B. Grant McNutt

As we remember and honor those who lost their lives on September 11, 2001, I thought it fitting to write an article that deals with Security Clearance.

It has been discussed for a long time but now the long-awaited changes to the security clearance process are here. An executive Order (EO) that was signed by President Donald Trump on April 25, 2019 has transferred responsibility for security clearance background investigations from the Office of Personnel Management (OPM) to the Department of Defense (DOD) under a new entity called the Defense Counterintelligence and Security Agency (DCSA).

For security clearance holders and applicants, probably the most important part of this dramatic shift is the change from periodic investigations to continuous investigations of anyone who has a security clearance using artificial intelligence (AI). There are currently over one million clearance holders already enrolled in this “continuous evaluation” system and the government plans on having everyone who has a clearance enrolled in this system in the near future. From my perspective, what that will mean is constant and automatic access to credit reports and public civil data bases so the government can keep tabs on any financial concerns.

I also believe this AI aspect will include up to date monitoring of all criminal databases. As a result, if someone has a security clearance and runs into any type of issue, including financial delinquencies reflected on a credit report or lawsuits filed against them, they must take immediate action to address these problems as soon as they arise. Security clearance holders will not have the luxury of waiting until the next periodic reinvestigation (10 years for a Secret clearance and 5 years for a Top Secret clearance) to try and rectify any problematic situation. This also holds true for any criminal charge that is issued against an individual. I am unsure at this time what, if any, automatic access the government will have as far as getting access to medical records to determine if there are any drug or alcohol problems. If you are experiencing issues with alcohol or drugs and you have a security clearance or are in the process of trying to get one, please visit our Bond and Botes website at www.bondnbotes.com and search for (2) blogs by my Partner, Ronald Sykstus entitled, “Can You Lose Security Clearance Trying to Get Help for Alcohol or Drug Addiction?” and “Security Clearance and Past illegal Drug Usage – What Can You Do?”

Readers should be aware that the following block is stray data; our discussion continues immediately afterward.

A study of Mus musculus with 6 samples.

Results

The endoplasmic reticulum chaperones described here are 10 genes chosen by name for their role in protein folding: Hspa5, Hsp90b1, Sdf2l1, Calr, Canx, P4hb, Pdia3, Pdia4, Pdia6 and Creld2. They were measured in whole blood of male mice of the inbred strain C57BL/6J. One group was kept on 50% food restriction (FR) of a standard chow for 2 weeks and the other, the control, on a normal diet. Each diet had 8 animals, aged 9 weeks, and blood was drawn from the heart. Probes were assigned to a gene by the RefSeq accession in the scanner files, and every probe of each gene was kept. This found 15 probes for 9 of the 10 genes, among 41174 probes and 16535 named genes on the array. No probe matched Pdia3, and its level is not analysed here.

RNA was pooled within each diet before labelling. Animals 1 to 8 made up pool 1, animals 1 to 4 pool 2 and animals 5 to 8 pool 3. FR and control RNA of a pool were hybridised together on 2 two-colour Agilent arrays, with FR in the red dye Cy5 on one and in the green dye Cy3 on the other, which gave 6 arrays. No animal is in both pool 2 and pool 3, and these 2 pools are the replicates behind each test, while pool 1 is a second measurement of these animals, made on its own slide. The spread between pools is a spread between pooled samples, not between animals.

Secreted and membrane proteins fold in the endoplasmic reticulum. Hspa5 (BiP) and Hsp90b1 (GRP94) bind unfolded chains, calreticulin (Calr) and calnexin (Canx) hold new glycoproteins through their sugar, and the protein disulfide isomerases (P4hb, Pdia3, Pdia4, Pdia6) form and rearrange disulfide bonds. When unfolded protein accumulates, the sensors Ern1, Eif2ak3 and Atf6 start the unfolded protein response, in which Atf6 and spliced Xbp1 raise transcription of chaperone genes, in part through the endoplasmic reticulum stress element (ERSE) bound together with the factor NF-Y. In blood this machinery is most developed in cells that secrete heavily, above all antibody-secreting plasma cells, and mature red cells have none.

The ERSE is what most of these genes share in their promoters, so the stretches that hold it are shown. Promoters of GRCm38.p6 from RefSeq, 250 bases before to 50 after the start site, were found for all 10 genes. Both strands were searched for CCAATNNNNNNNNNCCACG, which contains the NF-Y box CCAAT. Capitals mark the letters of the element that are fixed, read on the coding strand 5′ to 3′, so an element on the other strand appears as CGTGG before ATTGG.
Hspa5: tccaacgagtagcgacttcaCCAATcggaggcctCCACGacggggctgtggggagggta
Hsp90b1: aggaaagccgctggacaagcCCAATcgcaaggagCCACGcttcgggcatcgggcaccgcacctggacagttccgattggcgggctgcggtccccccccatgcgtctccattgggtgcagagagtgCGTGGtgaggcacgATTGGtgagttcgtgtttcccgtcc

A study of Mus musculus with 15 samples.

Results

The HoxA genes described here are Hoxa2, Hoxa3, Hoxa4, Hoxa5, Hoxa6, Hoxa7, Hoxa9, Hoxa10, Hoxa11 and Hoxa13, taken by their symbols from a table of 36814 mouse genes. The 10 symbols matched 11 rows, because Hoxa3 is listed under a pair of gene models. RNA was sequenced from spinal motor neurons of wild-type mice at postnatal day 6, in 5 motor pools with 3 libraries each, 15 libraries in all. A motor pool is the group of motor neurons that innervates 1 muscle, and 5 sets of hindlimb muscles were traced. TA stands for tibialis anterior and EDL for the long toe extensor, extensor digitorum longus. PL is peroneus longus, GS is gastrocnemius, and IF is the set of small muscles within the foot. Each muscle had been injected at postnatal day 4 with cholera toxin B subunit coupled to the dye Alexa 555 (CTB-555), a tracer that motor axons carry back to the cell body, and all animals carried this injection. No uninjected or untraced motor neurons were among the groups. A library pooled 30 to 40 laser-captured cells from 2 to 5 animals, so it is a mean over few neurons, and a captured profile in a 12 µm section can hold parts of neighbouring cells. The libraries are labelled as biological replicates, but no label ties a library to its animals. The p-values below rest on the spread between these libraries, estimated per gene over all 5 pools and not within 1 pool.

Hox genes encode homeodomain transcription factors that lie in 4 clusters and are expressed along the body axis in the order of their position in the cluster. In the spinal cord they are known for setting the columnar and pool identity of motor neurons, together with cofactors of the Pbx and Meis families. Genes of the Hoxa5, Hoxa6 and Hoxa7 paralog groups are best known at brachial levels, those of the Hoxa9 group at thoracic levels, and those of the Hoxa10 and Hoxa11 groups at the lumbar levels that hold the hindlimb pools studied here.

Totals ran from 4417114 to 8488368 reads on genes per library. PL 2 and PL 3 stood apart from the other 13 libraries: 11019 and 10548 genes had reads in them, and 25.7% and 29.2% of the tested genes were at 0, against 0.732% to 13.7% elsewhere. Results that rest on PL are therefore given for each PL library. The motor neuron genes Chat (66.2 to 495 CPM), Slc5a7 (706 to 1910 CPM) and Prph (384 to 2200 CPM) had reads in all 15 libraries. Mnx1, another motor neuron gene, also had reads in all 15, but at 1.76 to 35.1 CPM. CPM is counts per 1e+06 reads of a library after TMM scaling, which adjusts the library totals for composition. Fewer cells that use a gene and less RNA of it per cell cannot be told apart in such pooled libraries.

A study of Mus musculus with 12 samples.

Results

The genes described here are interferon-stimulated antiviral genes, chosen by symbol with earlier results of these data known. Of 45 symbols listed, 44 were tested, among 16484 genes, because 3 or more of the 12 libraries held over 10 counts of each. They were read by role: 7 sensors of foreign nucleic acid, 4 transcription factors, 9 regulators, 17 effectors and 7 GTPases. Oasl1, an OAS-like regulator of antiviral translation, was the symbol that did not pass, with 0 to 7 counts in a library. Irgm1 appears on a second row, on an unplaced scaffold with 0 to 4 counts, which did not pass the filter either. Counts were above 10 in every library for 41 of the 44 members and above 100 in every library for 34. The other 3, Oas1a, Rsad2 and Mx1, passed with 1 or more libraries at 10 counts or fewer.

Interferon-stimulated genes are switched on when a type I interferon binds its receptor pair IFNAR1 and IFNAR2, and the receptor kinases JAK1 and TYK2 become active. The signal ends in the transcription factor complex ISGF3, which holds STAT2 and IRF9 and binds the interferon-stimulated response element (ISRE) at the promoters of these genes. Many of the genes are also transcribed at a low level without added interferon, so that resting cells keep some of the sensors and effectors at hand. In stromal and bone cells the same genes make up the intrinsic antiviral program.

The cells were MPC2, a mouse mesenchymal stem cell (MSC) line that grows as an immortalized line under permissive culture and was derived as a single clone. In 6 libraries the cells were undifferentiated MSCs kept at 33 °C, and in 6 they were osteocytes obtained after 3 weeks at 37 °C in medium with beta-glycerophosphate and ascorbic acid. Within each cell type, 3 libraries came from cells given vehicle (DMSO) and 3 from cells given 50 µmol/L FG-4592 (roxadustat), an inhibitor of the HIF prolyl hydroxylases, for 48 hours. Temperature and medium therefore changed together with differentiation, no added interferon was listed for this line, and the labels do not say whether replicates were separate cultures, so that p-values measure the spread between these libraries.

Another great blog you can find on our website by Ronald Sykstus is entitled, “Top Ten Security Clearance Issues and Problems that I See in my Law Practice” which is helpful regarding various concerns and issues security clearance holders have regarding a clearance and potential government concerns about the clearance.

Please give us a call and schedule an appointment for a free initial consultation regarding any concerns that you have regarding your clearance. Our goal is to put security clearance issues and concerns that you may have to rest at the earliest and lowest possible level. Also, if you have any financial issues, we can answer all your questions regarding Chapter 7 Bankruptcy, Chapter 13 Bankruptcy, stopping a foreclosure or wage garnishment, avoiding liens, stopping lawsuits, discharging medical debt, personal loans, taxes (federal and state), payday loans, credit card debt, etc. We can alleviate your stress! We want to help and we can help you!


Alabama State Bar requires the following: “No representation is made that the quality of legal services to be performed is greater than the quality of legal services performed by other lawyers.”


Bond, Botes, Sykstus, Tanner & McNutt, P.C.

Web: www.bondnbotes.com

Facebook: facebook.com/Bond-Botes-Sykstus-Tanner-McNutt-PC-203986783117475/

102 South Court St, Suite 314, Florence, AL 35630

Phone: 256-760-1010 • Fax: 256-760-1023

Office Hours: Monday – Friday • 8am to 5pm

No representation is made that the quality of legal services to be performed is greater than the quality of legal services to be performed by other lawyers.